George Sand: Her Life & Writings HTML version

Baronne Dudevant
Marriage And Freedom--The Arrival In Paris--Jules Sandeau
We must now endeavour to discover what the future George Sand's experiences of
marriage were, and the result of these experiences on the formation of her ideas.
"You will lose your best friend in me," were the last words of the grandmother to her
granddaughter on her death-bed. The old lady spoke truly, and Aurore was very soon to
prove this. By a clause in her will, Madame Dupin de Francueil left the guardianship of
Aurore to a cousin, Rene de Villeneuve. It was scarcely likely, though, that Sophie-
Victoire should consent to her own rights being frustrated by this illegal clause,
particularly as this man belonged to the world of the "old Countesses." She took her
daughter with her to Paris. Unfortunately for her, Aurore's eyes were now open, and she
was cultured enough to have been in entire sympathy with her exquisite grandmother. It
was no longer possible for her to have the old passionate affection and indulgence for her
mother, especially as she felt that she had hitherto been deserted by her. She saw her
mother now just as she was, a light woman belonging to the people, a woman who could
not resign herself to growing old. If only Sophie-Victoire had been of a tranquil
disposition! She was most restless, on the contrary, wanting to change her abode and
change her restaurant every day. She would quarrel with people one day, make it up the
next; wear a different-shaped hat every day, and change the colour of her hair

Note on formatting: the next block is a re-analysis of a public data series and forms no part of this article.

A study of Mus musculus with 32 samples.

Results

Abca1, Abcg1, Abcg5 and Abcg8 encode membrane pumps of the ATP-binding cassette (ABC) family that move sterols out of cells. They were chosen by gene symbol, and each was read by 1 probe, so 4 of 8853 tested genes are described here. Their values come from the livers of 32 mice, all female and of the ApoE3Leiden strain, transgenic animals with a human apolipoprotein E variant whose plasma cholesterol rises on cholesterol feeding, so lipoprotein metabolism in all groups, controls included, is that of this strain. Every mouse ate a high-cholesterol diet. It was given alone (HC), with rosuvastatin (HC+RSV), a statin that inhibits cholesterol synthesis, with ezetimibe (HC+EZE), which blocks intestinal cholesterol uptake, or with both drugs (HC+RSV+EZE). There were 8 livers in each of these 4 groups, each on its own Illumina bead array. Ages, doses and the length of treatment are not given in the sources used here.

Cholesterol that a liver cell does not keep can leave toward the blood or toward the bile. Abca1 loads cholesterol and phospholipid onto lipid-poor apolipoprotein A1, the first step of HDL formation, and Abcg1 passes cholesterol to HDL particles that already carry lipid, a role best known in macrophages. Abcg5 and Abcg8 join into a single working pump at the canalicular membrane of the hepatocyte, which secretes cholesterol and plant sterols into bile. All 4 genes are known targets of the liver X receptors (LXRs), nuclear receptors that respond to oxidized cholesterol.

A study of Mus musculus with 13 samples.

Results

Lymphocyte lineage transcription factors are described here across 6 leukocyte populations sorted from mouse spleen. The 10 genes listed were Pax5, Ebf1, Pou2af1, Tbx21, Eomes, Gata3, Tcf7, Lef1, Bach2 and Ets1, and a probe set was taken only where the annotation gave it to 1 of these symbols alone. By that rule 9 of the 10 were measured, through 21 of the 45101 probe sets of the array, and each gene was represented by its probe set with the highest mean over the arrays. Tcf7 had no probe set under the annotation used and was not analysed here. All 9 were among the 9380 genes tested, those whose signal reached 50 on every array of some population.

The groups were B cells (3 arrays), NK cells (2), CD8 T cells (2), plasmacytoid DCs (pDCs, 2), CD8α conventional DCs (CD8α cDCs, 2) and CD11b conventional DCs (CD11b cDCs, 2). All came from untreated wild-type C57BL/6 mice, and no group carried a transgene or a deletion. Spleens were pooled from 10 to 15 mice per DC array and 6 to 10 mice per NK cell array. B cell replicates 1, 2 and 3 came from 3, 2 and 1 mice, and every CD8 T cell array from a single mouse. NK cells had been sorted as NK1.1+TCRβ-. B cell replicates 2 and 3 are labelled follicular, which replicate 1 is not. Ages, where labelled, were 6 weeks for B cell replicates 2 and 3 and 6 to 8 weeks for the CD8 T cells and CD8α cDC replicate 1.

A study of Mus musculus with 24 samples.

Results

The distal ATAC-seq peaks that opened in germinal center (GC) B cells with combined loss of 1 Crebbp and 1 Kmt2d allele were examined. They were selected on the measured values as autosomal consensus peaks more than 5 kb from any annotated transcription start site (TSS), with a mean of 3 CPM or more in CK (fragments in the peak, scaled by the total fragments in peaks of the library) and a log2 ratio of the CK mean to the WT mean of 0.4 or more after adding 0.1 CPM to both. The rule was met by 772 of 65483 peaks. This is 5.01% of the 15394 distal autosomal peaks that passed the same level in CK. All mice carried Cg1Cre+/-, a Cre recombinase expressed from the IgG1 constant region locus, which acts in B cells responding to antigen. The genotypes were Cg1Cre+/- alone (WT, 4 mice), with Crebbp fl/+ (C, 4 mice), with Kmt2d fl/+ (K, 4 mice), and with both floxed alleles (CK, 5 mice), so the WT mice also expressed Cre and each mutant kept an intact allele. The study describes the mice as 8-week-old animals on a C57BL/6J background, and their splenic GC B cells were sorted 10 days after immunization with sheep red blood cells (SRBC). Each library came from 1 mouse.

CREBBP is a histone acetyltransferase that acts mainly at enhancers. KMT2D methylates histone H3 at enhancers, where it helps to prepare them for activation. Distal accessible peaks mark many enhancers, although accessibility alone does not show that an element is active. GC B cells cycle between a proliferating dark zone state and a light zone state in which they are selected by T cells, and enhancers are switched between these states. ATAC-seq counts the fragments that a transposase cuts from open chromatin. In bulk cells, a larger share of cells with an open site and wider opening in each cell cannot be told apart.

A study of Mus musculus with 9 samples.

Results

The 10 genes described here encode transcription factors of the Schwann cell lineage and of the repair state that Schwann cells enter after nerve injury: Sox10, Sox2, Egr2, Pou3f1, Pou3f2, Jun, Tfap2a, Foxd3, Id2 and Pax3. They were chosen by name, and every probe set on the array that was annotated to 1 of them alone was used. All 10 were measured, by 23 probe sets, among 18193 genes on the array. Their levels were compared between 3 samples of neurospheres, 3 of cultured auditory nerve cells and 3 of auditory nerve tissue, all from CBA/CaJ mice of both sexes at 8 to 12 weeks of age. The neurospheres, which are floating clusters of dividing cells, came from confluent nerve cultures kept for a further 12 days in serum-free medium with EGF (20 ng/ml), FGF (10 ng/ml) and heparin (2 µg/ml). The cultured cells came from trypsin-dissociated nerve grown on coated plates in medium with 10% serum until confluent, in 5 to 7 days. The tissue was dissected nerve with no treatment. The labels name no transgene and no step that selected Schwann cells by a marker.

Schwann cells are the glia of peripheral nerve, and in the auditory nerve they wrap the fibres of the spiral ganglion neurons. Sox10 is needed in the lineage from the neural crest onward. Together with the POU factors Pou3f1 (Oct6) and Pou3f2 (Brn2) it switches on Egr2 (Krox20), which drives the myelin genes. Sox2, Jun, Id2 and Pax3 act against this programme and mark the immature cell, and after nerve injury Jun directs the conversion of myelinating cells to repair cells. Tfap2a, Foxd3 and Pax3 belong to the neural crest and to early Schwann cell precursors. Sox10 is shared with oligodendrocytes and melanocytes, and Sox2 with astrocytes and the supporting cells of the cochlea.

continually. She was always in a state of agitation. She loved police news and thrilling
stories; read the Sherlock Holmes of those days until the middle of the night. She
dreamed of such stories, and the following day went on living in an atmosphere of crime.
When she had an attack of indigestion, she always imagined that she had been poisoned.
When a visitor arrived, she thought it must be a burglar. She was most sarcastic about
Aurore's "fine education" and her literary aspirations. Her hatred of the dead grandmother
was as strong as ever. She was constantly insulting her memory, and in her fits of anger
said unheard-of things. Aurore's silence was her only reply to these storms, and this
exasperated her mother. She declared that she would correct her daughter's "sly ways."
Aurore began to wonder with terror whether her mother's mind were not beginning to
give way. The situation finally became intolerable.
Sophie-Victoire took her daughter to spend two or three days with some friends of hers,
and then left her there. They lived in the country at Plessis-Picard, near Melun. Aurore
was delighted to find a vast park with thickets in which there were roebucks bounding
about. She loved the deep glades and the water with the green reflections of old willow
trees. Monsieur James Duplessis and his wife, Angele, were excellent people, and they
adopted Aurore for the time being. They already had five daughters, so that one more did
not make much difference. They frequented a few families in the neighbourhood, and
there was plenty of gaiety among the young people. The Duplessis took Aurore
sometimes to Paris and to the theatre.